In honour of International Equal Pay Day on Sunday, 18th September 2022, we recently caught up with our Operations Manager, Katie Newman, on her thoughts about equality of pay within the construction industry.
Regardless of gender, our ethos at Bhangals Construction Consultants is that if you do a job well, you should be paid fairly to reflect that. Wages should represent an individual’s talents and skills, whether male or female; gender should be irrelevant.
Equal pay also provides mutual respect within a workplace. It ensures everyone feels good about entering an environment where they feel valued and remunerated, according to the work and effort they put into the business.
Construction is considered one of the worst sectors across all industries for not paying women the same as they would men – which is not a huge surprise as women only make up roughly 10-15% of the workforce. However, Katie believes you should stand up for yourself if you believe you are being undervalued at work.
In honour of Equal Pay Day, Katie said: “The stats for the overall UK average gender pay gap is still not great and equal pay, within the construction industry particularly, is definitely an issue. I personally feel the reason why the gender pay gap is such a problem in construction is due to the industry being very male-dominated.”
Also, stereotypes we’ve all grown up hearing and seeing in the media play a huge part. For example, suggesting that women are seen as the ‘weaker’ sex might result in a man being employed to work on-site with heavy machinery rather than a woman. That’s why it’s super important to break these stereotypes!
Katie also stated: “If you feel you are not being paid equally to your colleagues when you are doing the same work, you first need to analyse the facts. Consider whether there would be any justifiable reasons why your colleague would be on a higher salary than you. Are they producing a higher standard of work? Do they take on more responsibilities than you?”
“If at this stage you feel there is no explanation, I would definitely say the next step is to have a conversation with your manager, or failing this, you can go directly to your Human Resources department to raise your concerns.”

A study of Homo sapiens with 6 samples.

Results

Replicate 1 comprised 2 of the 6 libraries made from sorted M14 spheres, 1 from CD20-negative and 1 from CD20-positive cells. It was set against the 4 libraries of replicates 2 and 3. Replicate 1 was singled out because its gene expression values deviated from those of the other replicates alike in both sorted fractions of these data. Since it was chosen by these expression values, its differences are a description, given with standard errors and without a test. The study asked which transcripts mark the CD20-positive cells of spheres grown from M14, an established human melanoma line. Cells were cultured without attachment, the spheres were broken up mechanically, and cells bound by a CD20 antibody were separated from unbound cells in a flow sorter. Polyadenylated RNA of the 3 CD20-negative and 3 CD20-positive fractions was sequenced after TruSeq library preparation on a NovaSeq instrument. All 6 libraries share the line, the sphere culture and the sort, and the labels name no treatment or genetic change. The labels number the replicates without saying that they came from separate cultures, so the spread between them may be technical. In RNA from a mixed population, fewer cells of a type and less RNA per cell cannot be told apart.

It may be that one conversation is all that’s needed to answer your questions; they may provide you with information you weren’t aware of to explain the difference in pay. If, however, the conversation with your manager does not work, you can take matters further by taking the employer to a tribunal.
There are several ways in which you can ensure equal pay for equal work in a business. Firstly, regularly reviewing employees to ensure individuals are being paid fairly based on their performance. Introduce bonus schemes for high quality and/or quantity of work and ensure everyone has the same opportunities when it comes to promotions and career growth.
Katie added: “Talk about it! Communicate! Discuss the issues that women are still facing with the gender pay gap. It’s easy to turn a blind eye if you are not directly affected, but it’s still important to talk about it. It’s also much more unlikely that women will negotiate salaries and pay rises, and when they do, they can be viewed differently, so try to encourage communication over pay in the workplace.”
“Publishing pay grades is also a great way to combat the gender pay gap as it allows staff to be paid based on performance-based factors. It also eliminates new employees being unnecessarily brought in on a much higher salary than their colleagues, as they would already have been assigned a pay grade when they joined. Pay grades can be hugely motivating as they provide a much clearer and structured path for employees by showing people exactly what is required to get to the next stage in their career.”
If you have an upcoming project and need expert construction advice to get started, get in touch with a member of our team today.